The museum's collection is well displayed and informative and includes the culture in the region from pre-Inca, through Inca times to the present day. The collection includes ceramics, textiles, metal and gold work, jewellery, skulls that have been deformed by trepanning, and tomb containing several mummies. An English-speaking guide is a good investment. During the high season local weavers from the Centro de Textiles Tradicionales de Cusco can be seen working in the courtyard. Prices are quite expensive but the quality is high.
Official museum website: http://museoinka.unsaac.edu.pe (website only in Spanish)
This beautiful museum, set around a spacious courtyard, was opened in 2003 and contains a collection of more than 450 artefacts which were taken from the storage rooms of the Museo Rafael Larco Herrera in Lima. On display are jewellery, pottery, metalwork (gold and silver), stone-carvings and weavings from the Pre-Colombian cultures (before Columbus arrived) including the Nasca, Moche, Chimu, Paracas, Nasca and Inca cultures. Pieces are well chosen and well displayed.
The building which houses the Museo de Arte Precolombino was formerly the mansion of the conqueror Alonso Diaz and later the residence of the Earl of Cabrera. The structure was built on the ruins of an Inca ceremonial court. The museum has a cafe and a good but expensive restaurant.
Official museum website: http://map.museolarco.org/home_en.html
This is a new museum dedicated to the history of Machu Picchu and houses more than 360 artefacts from Machu Picchu returned by Yale University in 2011. The museum contains many exhibit rooms with displays and interactive videos and maps. On the ground floor is a model of the archaeological site of Machu Picchu. Casa Concha is a beautifully restored colonial mansion which was built on the site of Puka Marka - the residence of the royal lineage of Tupaq Inka Yupanqui. More recently it served as an army barracks and later a police station before being donated by the government to the local university of San Antonio Abad.
The Santa Catalina Convent and Museum (Monasterio y Museo de Arte de Santa Catalina) was built over the ruins of the ancient Acllawasi, or "House of the Chosen Women" one of the most important Inca buildings overlooking the main plaza. These "Virgins of the Sun" as the Spanish called them, were devoted to the cult of the Sun God and wove exquisite textiles of vicuna and alpaca for the Inca and ceremonial purposes as well as preparing the sacred chicha beer. Many were chosen to bear the Inca's children. After the Conquest the Acllawasi became home to a cloistered order of nuns who still occupy part of the building today.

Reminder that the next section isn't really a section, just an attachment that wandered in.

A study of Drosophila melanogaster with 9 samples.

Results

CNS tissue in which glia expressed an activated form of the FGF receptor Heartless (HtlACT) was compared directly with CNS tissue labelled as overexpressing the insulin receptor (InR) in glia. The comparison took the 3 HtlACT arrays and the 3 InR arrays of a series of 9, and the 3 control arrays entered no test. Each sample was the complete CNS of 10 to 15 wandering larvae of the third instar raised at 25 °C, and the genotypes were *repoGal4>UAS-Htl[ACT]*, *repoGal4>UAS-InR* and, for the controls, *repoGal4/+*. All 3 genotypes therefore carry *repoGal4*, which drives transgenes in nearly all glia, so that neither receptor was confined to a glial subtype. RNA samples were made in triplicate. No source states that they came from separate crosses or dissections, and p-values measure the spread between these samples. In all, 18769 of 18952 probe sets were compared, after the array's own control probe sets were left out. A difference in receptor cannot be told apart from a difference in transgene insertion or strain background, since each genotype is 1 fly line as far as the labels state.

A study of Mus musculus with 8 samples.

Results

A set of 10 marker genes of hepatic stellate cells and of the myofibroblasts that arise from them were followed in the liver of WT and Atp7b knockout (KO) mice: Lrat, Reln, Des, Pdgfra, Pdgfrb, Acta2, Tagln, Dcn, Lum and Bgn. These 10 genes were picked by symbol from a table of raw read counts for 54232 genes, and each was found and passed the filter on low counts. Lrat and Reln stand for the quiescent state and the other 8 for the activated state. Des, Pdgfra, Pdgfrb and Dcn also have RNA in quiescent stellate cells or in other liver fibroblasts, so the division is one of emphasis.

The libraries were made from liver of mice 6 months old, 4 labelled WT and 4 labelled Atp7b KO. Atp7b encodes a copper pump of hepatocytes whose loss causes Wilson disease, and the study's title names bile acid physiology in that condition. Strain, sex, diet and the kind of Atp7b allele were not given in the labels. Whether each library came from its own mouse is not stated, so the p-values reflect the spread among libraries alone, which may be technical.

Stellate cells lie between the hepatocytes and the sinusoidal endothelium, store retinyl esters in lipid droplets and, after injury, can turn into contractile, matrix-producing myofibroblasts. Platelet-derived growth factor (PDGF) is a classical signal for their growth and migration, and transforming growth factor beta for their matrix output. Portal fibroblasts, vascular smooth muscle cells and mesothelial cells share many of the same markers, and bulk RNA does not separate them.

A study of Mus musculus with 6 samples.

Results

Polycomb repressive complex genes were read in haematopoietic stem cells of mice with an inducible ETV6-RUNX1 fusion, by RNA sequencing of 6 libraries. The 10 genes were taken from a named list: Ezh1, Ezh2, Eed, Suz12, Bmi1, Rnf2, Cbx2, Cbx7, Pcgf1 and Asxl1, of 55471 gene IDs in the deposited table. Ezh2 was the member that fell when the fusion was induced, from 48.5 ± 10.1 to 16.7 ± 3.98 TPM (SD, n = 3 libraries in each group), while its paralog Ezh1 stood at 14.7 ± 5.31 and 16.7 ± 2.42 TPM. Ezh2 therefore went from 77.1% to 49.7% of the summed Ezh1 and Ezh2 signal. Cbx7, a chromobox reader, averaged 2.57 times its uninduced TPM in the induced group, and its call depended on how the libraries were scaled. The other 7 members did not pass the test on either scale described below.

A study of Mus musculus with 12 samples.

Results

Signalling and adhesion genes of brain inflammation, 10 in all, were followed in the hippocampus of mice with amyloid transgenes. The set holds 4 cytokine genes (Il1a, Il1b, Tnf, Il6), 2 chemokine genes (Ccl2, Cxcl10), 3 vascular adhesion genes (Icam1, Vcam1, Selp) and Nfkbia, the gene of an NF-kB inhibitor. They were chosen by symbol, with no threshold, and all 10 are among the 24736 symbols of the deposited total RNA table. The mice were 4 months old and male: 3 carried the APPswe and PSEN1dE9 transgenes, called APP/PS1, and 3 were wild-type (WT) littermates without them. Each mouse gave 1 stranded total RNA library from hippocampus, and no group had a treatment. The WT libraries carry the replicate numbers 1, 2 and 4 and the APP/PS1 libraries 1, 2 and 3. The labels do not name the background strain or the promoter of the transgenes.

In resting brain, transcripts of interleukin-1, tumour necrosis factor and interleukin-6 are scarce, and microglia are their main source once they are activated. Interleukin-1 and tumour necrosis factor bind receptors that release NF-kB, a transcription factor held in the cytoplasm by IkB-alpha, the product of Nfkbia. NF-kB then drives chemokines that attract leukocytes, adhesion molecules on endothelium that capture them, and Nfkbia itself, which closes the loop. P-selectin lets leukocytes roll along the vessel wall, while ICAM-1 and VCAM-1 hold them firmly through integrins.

Lucia Isabel Rivera de Padilla founded the Santa Catalina Convent in 1601. She also founded the beautiful convent of the same name in Arequipa several years earlier. The Santa Catalina convent was named after Saint Catherine of Siena, who was the founder of the female part of the Dominican Order.
Today the convent houses a religious art collection, including paintings from the famous Escuela Cusquena.
An eclectic collection of items from Cusco's history chronologically arranged but often poorly labelled. Artefacts include some Nazca mummies, gold ornaments, plenty of ceramics, photos of Cusco just after a major earthquake, Inca weavings and some paintings. Although all very interesting I would recommend visiting the museums listed above before this one. You may have had enough off museums before you get this far - however entrance is included with the Cusco Tourist Ticket so may be worth a quick visit.
Built on the foundations of the palace of the Inca Roca, this remarkable building once belonged to the Marquis de Buenavista and later became the Archbishop's Palace. The museum has a fine collection of colonial paintings and furniture.
Small privately run museum dedicated to cacao and the art of making chocolate, French owned. The tours fill up pretty quick so we recommend that you book in advance online if you can. Allow about 2hrs 30mins for the tour/workshop. You can also just pop in for a great fair-trade hot chocolate, chocolate fondue or crepes & ice-cream. Always a winner with the kids. Staff speak excellent English. Small store & restaurant area.
This small, but informative museum tells the fascinating history of the coca leaf. Your journey begins with the pre-Inca cultures to whom the leaf was considered sacred. Medicinal values and benefits are well explained before moving through to the modern day and the dramatic impact of the cocaine industry. There is a little shop where you can buy coca leaves, herbal tea and other products including candies (don't take coca leaves out of the country, they are still illegal in most countries)
Rather a small museum / art gallery, a bit disappointing really and well down the list of museums you should visit when in Cusco. However it is free, and if you are passing through Plaza Regocijo when it starts to rain ...
Not much to say about this rather small, uninteresting, underground archaeological museum apart from the fact that if it wasn't included on the Boleto Turistico not many people would make the effort to go. Enough said.